In 2016, the VSPC recognized the need to review its purpose in light of many changes underway in the electric grid. The result of that process was the adoption of a Charter to update and more simply articulate the purpose and work of the VSPC.
The 2005 VT General Assembly enacted Act 61, An Act Relating to Renewable Energy, Efficiency, Transmission and Vermont’s Energy Future. The legislation addresses many energy-related topics. Among them: an amendment to the utility least-cost integrated planning section that requires VELCO to prepare a long-range electric transmission plan and to update it every three years.
The long-range transmission planning provisions forms: Title 30 of the Vermont Statutes, Subsection 218c, paragraph (d).
- Long-range plan looking out at least ten years and updated every three years.
- Prescribes contents of plan.
- At least two public meetings before VELCO finalizes the plan and defines notice and process for the meetings.
- Coordination with distribution utilities.
- Public Utility Commission and Public Service Department to “encourage and facilitate the resolution of reliability deficiencies through nontransmission alternatives, where those alternatives would better serve the public good.”
The VSPC was created by a settlement agreement approved by the Public Utility Commission in a June 20, 2007, Order in its investigation of least-cost integrated resource planning for Vermont Electric Power Company, Inc.'s transmission system (Docket 7081). Both the Commission's Order and the settlement agreement contain additional information about the new transmission planning process and the VSPC's role and responsibilities. The Memorandum of Understanding (MOU) has also been amended in subsequent Commission proceedings.
The cornerstone of the VSPC/Docket 7081 process, as well as a key Vermont public policy, is that each identified reliability issue on the electric grid must be screened to determine whether a potential exists to resolve the issue with some configuration of energy efficiency, demand response and generation, or a hybrid of transmission and non-transmission solutions. If a potential exists, the affected utilities then conduct a full analysis to determine whether some configuration of alternatives is cost effective. Two different tools have been developed to screen issues for their potential to be addressed with non-transmission alternatives or NTAs.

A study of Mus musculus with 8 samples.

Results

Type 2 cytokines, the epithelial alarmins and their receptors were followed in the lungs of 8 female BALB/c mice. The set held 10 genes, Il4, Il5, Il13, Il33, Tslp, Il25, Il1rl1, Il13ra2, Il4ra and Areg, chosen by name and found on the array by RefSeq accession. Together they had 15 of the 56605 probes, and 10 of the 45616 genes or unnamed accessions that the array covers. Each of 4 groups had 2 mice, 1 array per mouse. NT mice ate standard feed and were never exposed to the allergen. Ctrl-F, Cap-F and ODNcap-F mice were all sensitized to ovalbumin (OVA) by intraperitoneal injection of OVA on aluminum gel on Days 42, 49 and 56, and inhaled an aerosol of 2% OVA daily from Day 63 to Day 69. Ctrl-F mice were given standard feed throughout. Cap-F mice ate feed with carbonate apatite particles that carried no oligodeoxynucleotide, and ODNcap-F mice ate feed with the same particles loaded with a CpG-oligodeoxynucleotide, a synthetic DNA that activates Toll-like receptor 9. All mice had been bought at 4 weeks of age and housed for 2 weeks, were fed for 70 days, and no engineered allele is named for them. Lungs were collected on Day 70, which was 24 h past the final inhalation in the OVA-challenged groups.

- Docket 7081/VSPC Non-Transmission Alternatives Screening (for transmission and sub-transmission issues)
- Docket 6290 screening tool (for distribution and sub-transmission issues)
Programs are in place in Vermont to geographically target both energy efficiency and distributed generation where these resources have the potential to address a reliability issue more cost-effectively than building transmission. Planning for the optimal mix of these resources is a complex task that involves multiple stakeholders. In 2013, the Public Utility Commission implemented a Screening Framework in Docket 7873 (Programmatic Changes to the Standard Offer Program). The purpose of the Screening Framework is to analyze reliability constraints on the transmission and subtransmission system to determine where installing additional generation may provide sufficient benefit to reduce or eliminate the constraint without a poles-and-wires solution. The Screening Framework was revised in 2014 to incorporate a framework for screening distribution constraints as well.
Because of the complexity of the considering both supply-side and demand-side solutions, the VSPC has developed a process map to assist stakeholders in understanding and participating in steps in geographical targeting.